Bucky Fuller wrote:
Our beds are empty two-thirds of the time.
Our living rooms are empty seven-eighths of the time.
Our office buildings are empty one-half of the time.
It's time we gave this some thought.
And indeed, cartoonist and visionary Stephen M. Johnson did give this some thought, with his design for a CabiNap, where one lifts up the top of a bank of file cabinets and climbs right in. He notes that it didn't quite work as planned because people complained about slamming file drawers, but that wouldn't be a problem in today's paperless world.
It's a design problem that we have looked at before, as designer Athanasia Leivaditou put it: "In the competitive environments of the new Metropolis, work almost defines the purpose of existence. " Many of us never get to leave our offices. See more of her Transformer desk that turns into bedroom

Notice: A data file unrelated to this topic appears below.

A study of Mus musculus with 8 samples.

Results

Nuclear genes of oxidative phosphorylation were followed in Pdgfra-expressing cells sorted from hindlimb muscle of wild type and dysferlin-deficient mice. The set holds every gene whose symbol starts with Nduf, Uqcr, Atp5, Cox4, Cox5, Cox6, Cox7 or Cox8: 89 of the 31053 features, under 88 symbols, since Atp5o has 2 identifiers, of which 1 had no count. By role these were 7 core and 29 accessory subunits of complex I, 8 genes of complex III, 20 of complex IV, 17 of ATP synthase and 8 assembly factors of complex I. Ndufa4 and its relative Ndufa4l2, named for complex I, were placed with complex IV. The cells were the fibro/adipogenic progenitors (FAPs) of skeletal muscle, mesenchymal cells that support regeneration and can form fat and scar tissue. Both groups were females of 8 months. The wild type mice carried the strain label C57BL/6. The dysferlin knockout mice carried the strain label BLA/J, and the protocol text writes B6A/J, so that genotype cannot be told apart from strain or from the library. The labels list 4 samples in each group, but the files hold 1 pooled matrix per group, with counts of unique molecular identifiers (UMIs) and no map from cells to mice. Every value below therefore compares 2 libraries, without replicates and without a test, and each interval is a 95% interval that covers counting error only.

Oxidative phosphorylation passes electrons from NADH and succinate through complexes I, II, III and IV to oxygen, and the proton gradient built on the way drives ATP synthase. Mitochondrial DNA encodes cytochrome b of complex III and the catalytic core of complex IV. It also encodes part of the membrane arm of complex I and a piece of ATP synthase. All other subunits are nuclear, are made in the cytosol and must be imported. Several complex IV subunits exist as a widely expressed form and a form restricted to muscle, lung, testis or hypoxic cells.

Johnson's design has some advantages over Jared Dickey's Quickie Desk, in that it has a little more visual privacy, although it is also a little more claustrophobic.
It's also easier to use than Mira Schröder's rotating desk; if you are tired, you just want to go to bed, not rotate it then undo the straps then make the bed. Really, I would have just put some locks on the file drawers of the CabiNap, or added a mechanism so that if someone is in the bed then the drawers don't open when someone is in the bed, like the ones that only let you open one drawer at a time. Then you would have had a great product, Mr. Johnson.
Personally, I remain a minimalist. Just give me my ostrich pillow and I am outta here.